Electric Vehicles vs. the Ethanol Industry: The competition expected in 2024
This year is likely to see more competition between the ethanol industry and electric vehicles makers as sustainable energy becomes more accessible and the Biden Administrations pushes stringent regulations on vehicle emissions.
This year is likely to see more competition between the ethanol industry and electric vehicles makers as sustainable energy becomes more accessible.
Last year, under the Biden-Harris Administration’s purview, the Environmental Protection Agency proposed “the strongest-ever pollution standards for cars and trucks.” The goal of the Administration is to transform the auto industry over time — so that, by the year 2032, two-thirds of all new cars sold are EVs. However, the progressive regulations are receiving major push back from the auto and fuel industry as well as by consumers weary of embracing the change for a variety of reasons, including cost and access.
Other proposed regulations that effect agriculture and trade would apply more stringent standards for light- and medium duty trucks starting with 2027 models, as well as the “Greenhouse Gas Standards for Heavy-Duty Vehicles - Phase 3,” which calls for major changes to the transportation industry in order to cull 1.8 billion tons of CO2 by the year 2055.
U.S. Dept. of Agriculture (USDA) Secretary Tom Vilsack hopes farmers will look to expand ethanol markets in other ways.
“Farmers come up to me, and they say, ‘Ah, would you stop talking about electric vehicles,’” Secretary Vilsack said. "[The answer is] no, because we want to make sure that we continue to have manufacturing in this country. It’s not going to put you guys out of business. It’s not. We’re going to have cars that use ethanol for a long, long time.”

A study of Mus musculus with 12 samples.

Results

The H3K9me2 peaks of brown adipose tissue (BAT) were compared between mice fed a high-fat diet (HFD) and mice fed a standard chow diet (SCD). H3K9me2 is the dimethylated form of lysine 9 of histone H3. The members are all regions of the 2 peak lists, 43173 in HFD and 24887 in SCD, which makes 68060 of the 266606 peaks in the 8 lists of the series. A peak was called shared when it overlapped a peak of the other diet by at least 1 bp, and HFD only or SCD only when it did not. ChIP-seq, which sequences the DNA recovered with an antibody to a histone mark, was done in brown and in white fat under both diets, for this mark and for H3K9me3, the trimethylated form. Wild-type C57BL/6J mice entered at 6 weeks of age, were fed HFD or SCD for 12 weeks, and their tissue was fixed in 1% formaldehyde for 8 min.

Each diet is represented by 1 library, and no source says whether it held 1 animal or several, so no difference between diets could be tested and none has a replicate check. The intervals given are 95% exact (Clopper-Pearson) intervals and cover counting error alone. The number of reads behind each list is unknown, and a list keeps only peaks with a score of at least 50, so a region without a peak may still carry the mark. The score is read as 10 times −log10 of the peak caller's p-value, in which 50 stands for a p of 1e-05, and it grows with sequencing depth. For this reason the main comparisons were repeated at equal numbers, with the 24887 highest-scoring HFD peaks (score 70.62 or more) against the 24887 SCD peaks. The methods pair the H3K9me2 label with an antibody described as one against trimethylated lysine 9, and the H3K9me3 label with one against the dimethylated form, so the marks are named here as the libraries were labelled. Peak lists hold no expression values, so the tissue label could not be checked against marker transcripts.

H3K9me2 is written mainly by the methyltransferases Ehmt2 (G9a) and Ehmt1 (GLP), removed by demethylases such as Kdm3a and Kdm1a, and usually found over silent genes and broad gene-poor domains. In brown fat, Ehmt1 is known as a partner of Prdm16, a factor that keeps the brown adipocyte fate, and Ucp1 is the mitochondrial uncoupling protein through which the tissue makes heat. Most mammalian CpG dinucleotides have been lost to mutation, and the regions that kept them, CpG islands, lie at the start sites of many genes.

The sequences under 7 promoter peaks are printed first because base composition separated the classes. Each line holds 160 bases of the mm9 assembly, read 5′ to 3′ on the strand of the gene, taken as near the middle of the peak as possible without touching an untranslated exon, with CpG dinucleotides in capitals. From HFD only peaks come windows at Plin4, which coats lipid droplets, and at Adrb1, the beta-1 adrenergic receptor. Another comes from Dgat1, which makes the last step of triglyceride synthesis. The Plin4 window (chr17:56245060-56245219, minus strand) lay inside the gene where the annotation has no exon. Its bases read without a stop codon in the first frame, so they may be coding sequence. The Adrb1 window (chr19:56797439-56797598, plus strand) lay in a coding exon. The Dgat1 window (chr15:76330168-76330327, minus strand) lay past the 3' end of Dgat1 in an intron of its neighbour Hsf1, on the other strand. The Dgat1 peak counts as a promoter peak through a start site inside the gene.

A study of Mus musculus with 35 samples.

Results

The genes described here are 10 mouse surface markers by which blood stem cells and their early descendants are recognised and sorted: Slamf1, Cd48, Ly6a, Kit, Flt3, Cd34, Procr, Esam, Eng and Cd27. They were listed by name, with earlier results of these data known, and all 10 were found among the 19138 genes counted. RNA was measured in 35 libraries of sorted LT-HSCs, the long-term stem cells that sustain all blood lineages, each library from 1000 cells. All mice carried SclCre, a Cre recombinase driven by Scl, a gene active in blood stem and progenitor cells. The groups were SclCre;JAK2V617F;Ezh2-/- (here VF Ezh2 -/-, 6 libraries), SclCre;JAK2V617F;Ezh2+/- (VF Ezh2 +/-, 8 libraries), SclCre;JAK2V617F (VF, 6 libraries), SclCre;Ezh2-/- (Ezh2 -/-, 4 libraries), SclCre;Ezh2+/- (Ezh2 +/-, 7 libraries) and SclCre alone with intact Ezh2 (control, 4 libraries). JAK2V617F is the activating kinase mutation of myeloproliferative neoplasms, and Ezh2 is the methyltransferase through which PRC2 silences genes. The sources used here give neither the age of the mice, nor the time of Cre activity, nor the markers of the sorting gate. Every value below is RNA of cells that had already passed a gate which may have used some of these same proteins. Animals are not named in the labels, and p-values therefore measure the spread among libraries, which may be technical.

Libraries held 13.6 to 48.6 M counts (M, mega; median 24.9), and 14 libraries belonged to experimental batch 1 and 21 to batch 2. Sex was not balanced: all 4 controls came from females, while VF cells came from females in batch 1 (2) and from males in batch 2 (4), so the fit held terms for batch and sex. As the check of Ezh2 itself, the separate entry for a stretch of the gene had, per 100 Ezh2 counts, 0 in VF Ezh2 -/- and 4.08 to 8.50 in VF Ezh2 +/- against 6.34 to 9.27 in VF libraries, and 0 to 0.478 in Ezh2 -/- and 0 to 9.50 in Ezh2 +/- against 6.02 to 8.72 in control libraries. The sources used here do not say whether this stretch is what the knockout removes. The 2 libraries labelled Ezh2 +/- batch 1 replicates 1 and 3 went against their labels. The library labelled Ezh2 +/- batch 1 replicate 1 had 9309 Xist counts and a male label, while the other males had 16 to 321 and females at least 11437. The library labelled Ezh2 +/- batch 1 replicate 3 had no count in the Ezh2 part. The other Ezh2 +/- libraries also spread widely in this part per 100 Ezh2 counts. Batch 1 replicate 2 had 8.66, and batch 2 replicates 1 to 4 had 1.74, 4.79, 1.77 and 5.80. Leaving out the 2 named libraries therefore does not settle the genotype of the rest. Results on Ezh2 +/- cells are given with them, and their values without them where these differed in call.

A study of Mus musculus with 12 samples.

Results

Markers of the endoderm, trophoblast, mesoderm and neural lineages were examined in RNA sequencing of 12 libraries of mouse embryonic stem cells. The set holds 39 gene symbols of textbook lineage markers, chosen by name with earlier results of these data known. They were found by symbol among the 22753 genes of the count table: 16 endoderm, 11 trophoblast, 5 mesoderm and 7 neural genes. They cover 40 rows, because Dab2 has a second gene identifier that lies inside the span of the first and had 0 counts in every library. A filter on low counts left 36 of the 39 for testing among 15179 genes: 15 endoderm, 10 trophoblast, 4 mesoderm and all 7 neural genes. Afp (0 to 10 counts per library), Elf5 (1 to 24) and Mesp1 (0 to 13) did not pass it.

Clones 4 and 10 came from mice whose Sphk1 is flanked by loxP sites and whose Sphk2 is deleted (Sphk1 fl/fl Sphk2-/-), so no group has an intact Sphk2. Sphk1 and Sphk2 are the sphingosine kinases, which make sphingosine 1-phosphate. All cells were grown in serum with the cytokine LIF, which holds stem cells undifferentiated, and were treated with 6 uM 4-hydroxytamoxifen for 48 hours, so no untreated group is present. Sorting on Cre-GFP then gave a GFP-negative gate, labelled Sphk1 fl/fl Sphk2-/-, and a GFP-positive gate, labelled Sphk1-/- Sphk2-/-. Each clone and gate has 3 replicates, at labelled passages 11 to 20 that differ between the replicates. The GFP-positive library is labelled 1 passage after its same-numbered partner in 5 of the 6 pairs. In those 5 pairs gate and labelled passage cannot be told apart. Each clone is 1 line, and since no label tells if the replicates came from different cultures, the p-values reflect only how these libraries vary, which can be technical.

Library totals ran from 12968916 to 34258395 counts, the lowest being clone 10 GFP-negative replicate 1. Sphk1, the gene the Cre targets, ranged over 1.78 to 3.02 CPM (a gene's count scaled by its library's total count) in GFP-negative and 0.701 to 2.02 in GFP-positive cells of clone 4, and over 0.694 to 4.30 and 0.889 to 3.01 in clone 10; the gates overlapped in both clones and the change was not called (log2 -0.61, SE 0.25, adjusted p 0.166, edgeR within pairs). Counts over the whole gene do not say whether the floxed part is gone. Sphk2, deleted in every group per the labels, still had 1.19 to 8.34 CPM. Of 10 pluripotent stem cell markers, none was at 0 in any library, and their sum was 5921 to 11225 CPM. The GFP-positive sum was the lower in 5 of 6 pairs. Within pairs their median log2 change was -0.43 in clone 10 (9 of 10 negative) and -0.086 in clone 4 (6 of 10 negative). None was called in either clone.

Renewable Fuels Association (RFA) President and CEO Geoff Cooper worries electric vehicles could suppress ethanol demand, but says they are not a universal solution.
“They, in most cases, [EVs] do not deliver the range that was advertised — that they have problems in extremely hot weather or extremely cold weather, that there are problems with finding places to charge these vehicles,” Cooper explained. “If you are truly interested, and if you are truly serious about reducing carbon emissions, and doing it at the lowest cost possible for consumers, and doing it in a way that doesn’t compromise or sacrifice vehicle range and convenience — this is what we’ve got to be looking at.”
For example, using a Ford Escape as a test case, RFA researchers were able to travel 440 miles in the gas-electric hybrid SUV with a full tank of E85 fuel and full charge. According to Cooper, that is nearly double the mileage capability of a comparable electric vehicle.